Should I set my PC Audio to 5.1 or Stereo when using headphones?

If your listening to music or watching a video with 2.0 stereo audio, or gaming in stereo audio, then set the sound card audio channel input to stereo (2-channel) audio.
Set audio channel input to 5.1 for surround sound gaming (FPS?) or DVD/Blu-ray movies.
 
Whatever material you're listening to, ex games and movies, set them to 5.1, then enable Virtual Surround on the soundcard. This gives the DSP a 5.1 signal which it then processes down to play through two physical channels with more positional cues than regular downmixing.
 
I have a Sound Blaster Rx/5 but I can't find the virtual surround option in the Windows 10 Playback Devices thing anywhere... am I supposed to be able to? I thought all sound blaster sound cards had virtual surround...
 
It would be in the Creative Labs control panel.

Here is a good forum for asking questions about your sound card settings.
http://forums.creative.com/forumdisplay.php?f=6
 
It's not going to be there because it isn't a Windows feature. You have to install the SoundBlaster software suite and you can access it there, as it controls the DSP chip (in some motherboards teh chip isn't hardware DSP, just allows something for the software to recognize as a product licensed to run SB software, and then uses fully software DSP running off the CPU).
 

for movies, it can go either way. the best result ive had is going out to a multichannel receiver and using the downmixer within the receiver to get things back to stereo. This gave me the best result and i have yet to witness anything as nice from a sound card. Granted, it has been a LONG time since I bothered doing that anyways. For gaming i did a similar thing. I set my sound card to 7.1. i set the sound card to use dolby digital live because i had an optical connection and needed the signal compressed to dolby digital (or dts, if you have dts ultra-pc) in order for it to get to the receiver fully. If you use hdmi to a receiver, then just set the sound card to multichannel and skip the processing step.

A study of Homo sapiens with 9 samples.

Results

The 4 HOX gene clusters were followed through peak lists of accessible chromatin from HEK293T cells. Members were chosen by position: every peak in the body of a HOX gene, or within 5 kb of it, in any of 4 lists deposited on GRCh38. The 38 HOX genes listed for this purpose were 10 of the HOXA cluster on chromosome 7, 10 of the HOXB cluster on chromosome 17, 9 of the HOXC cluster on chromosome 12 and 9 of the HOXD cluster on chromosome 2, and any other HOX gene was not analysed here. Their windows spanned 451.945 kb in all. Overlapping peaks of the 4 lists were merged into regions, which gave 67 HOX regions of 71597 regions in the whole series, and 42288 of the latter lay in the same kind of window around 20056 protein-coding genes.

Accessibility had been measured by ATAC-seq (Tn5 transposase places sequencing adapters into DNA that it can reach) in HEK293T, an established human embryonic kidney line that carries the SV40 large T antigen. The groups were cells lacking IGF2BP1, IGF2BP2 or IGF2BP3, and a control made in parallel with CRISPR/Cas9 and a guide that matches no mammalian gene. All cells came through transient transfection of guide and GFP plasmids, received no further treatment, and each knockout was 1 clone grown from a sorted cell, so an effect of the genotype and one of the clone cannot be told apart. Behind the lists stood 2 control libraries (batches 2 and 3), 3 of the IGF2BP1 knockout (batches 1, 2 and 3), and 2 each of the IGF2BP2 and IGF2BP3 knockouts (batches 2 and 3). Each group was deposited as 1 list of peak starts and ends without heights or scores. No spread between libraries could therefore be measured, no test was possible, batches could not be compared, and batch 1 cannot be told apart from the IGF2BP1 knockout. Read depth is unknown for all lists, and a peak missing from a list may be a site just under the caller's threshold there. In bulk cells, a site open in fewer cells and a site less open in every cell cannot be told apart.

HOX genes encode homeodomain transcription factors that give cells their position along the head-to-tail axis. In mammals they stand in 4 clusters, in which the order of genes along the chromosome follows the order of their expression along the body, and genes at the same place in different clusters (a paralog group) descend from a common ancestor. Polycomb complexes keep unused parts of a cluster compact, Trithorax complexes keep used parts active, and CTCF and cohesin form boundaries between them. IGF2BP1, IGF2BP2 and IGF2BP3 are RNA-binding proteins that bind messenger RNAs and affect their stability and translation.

now, if you arent using a receiver and are going right from the sound card, i think you only have a couple options. 1) do nothing, set it to 5.1 or 7.1, let the sound card do whatever it wants. 2) set the sound card to "virtual surround sound" and calibrate it. You should only be able to do this if the sound card is in 5.1 or 7.1 mode. The real question is, when you play 2.0 music, does it sound different if the sound card is set to 2.0 vs 5.1+virtual surround?

in my experience, music sounds best in 2.0 with no other processing applied, so i kept manually changing between the two options.
 

With Realtek onboard audio for example you MUST NOT tick the box "disable all enhancements" in control panel under the audio device, otherwise it also disables whatever alternative multichannel downmixing to stereo processing takes place -- and handles it as a stereo-only signal from start, in Creative control panel that might be akin to "Stereo Direct" or whatever mode that keeps the signal "pure" from any kind of processing (of course you can keep all processing disabled and only keep that 5.1 speaker setting and you won't hear any sound quality difference to using the Stereo Direct mode).

I don't feel like starting a new thread at this moment but I'd be very curious if it's like only me that notices this positive effect 5.1 speaker setting brings to even music. I've just stumbled on it on accident due to being the kind of person who always lets the ear decide what options does what to the sound than letting logical thinking do the way that how the settings should be set. When you enable/disable settings when playing music at the same time, the small differences becomes noticeable, but it's not something that would be noticed immediatly if not hearing the instant change.